307 North Pender Street.

The ninth in a series of posts highlighting buildings in East Wilson Historic District, a national historic district located in Wilson, North Carolina. As originally approved, the district encompasses 858 contributing buildings and two contributing structures in a historically African-American section of Wilson. (A significant number have since been lost.) The district was developed between about 1890 to 1940 and includes notable examples of Queen Anne, Bungalow/American Craftsman, and Shotgun-style architecture. It was listed on the National Register of Historic Places in 1988.


This house is one of East Wilson’s gems.

Between the dates of the 1920 census of Wilson, in which Tate and his family are listed at 208 North Pender, and the 1922 city directory, the house number changed 307 North Pender.

On 24 November 1904, Noah J. Tate, 28, of Wilson, son of Hardy and Mary Tate, married Hattie B. Pearce, 20, of Wilson, daughter of Andrew and Alice Pearce. Walter S. Hines applied for the license, and Missionary Baptist minister Fred M. Davis performed the ceremony at the residence of Ritchard Renfrow in the presence of S.H. Vick, W.H. Simms and J.D. Reid.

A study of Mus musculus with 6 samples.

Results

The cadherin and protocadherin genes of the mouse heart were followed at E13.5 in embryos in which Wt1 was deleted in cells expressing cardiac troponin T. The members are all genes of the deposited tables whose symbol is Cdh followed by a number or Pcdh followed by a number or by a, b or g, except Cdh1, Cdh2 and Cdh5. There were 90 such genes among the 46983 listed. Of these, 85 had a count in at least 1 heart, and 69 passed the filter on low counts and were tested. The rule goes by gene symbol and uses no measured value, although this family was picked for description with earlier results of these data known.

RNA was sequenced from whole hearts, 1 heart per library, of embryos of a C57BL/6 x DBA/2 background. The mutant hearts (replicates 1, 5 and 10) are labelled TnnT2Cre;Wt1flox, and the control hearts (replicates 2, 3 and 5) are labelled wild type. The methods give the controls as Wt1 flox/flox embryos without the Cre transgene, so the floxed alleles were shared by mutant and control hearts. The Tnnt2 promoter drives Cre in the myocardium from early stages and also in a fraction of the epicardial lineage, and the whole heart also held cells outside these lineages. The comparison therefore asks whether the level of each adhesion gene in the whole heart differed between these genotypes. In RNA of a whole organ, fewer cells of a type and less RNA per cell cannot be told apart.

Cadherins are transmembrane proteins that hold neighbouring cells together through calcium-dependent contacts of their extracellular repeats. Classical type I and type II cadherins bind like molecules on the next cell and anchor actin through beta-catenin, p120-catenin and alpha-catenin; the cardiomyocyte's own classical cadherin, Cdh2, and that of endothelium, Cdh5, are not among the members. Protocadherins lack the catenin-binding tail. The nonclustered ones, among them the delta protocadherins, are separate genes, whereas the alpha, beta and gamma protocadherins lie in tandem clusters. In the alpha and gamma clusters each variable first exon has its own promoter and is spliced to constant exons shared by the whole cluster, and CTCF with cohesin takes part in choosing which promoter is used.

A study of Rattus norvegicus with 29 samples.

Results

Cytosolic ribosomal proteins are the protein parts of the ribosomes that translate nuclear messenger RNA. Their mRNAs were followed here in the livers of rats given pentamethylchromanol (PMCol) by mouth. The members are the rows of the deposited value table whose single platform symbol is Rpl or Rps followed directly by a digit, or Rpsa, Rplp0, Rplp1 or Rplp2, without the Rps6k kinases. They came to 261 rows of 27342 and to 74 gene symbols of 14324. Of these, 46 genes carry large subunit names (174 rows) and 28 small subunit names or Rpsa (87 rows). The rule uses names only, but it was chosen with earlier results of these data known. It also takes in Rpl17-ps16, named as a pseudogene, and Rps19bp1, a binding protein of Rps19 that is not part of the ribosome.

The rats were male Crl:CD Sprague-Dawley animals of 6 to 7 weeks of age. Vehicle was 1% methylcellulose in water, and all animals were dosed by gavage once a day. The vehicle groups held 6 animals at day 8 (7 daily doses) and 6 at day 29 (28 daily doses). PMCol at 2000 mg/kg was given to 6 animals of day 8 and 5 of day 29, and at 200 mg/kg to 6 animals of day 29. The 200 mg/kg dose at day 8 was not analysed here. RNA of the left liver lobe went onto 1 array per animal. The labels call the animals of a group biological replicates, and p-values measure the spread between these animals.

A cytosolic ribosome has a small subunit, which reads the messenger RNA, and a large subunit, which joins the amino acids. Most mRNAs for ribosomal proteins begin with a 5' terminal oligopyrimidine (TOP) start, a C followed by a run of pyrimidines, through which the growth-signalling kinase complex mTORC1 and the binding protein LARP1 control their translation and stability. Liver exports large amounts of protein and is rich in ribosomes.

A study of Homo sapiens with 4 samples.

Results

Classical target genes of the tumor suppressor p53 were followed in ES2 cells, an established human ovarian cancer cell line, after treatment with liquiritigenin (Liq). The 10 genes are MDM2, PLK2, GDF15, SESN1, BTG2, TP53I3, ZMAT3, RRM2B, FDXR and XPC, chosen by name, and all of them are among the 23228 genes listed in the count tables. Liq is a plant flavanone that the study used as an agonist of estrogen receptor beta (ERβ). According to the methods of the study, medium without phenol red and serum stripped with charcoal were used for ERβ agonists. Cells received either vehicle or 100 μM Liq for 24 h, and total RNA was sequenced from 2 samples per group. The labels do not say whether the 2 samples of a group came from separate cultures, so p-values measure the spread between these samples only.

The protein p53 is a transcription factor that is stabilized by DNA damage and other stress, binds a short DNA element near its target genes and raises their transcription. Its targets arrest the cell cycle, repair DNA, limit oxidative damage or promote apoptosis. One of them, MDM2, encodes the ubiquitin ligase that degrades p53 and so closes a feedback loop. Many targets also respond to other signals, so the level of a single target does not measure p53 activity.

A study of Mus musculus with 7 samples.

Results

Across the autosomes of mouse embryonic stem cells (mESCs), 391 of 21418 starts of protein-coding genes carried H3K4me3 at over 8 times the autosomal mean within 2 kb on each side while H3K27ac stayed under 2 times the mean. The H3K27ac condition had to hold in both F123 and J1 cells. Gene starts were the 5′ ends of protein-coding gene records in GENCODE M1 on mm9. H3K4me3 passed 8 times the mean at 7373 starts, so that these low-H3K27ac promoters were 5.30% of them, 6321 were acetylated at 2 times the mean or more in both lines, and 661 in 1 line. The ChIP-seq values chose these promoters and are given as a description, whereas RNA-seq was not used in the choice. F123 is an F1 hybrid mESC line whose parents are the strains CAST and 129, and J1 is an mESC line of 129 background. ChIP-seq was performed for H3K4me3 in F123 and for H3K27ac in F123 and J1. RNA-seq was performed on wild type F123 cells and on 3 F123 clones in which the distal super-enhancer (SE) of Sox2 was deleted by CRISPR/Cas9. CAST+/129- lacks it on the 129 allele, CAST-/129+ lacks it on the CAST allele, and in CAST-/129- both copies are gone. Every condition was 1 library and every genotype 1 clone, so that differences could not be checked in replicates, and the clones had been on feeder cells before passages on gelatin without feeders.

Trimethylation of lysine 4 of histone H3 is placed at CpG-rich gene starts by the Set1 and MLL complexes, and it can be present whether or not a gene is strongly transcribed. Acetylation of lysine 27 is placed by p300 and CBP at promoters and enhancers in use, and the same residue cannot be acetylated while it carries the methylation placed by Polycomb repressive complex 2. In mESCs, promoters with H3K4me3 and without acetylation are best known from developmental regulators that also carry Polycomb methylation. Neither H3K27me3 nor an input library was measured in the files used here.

In the 1910 census of Wilson, Wilson County: barber Noah Tate, 28, wife Hattie, 25, and children John P., 3, and Helen, 2.

The 1913 Sanborn insurance map shows the dwelling in its original one-story form, as indicated by the 1 inked into the bottom right corner:


Noah John Tate registered for the World War I draft in Wilson on 12 September 1918. Per his registration card, he was born 6 November 1876; resided at 208 North Pender, Wilson; and was a self-employed barber working at 213 East Nash Street. His nearest relative was wife Hattie Tate.

In the 1920 census of Wilson, Wilson County: at 208 Pender Street, barber Noah Tate, 42, wife Hattie, 34, boarder Mary Jennings, 28, and children Helen, 16, Mary Jane, 8, Andrew, 11, and Noah Jr., 3.

Noah J. Tate died 3 January 1926 in Wilson. Per his death certificate, he resided at 307 Pender Street; was married to Hattie Tate; was born about 1875 in Grimesland, North Carolina, to Hardy Tate of Wayne County and Mary Jane Dawson of Pitt County. He was buried in Rountree cemetery.

In the 1930 census of Wilson, Wilson County: at 307 North Pender, widowed seamstress Hattie Tate, 44; daughter Hellen, 23, insurance agent; son Andrew, 21, hotel bellboy; and lodger Lucy Davis, 50, a school teacher. The house was owned and valued at $8000.

Photograph by Lisa Y. Henderson, February 2017.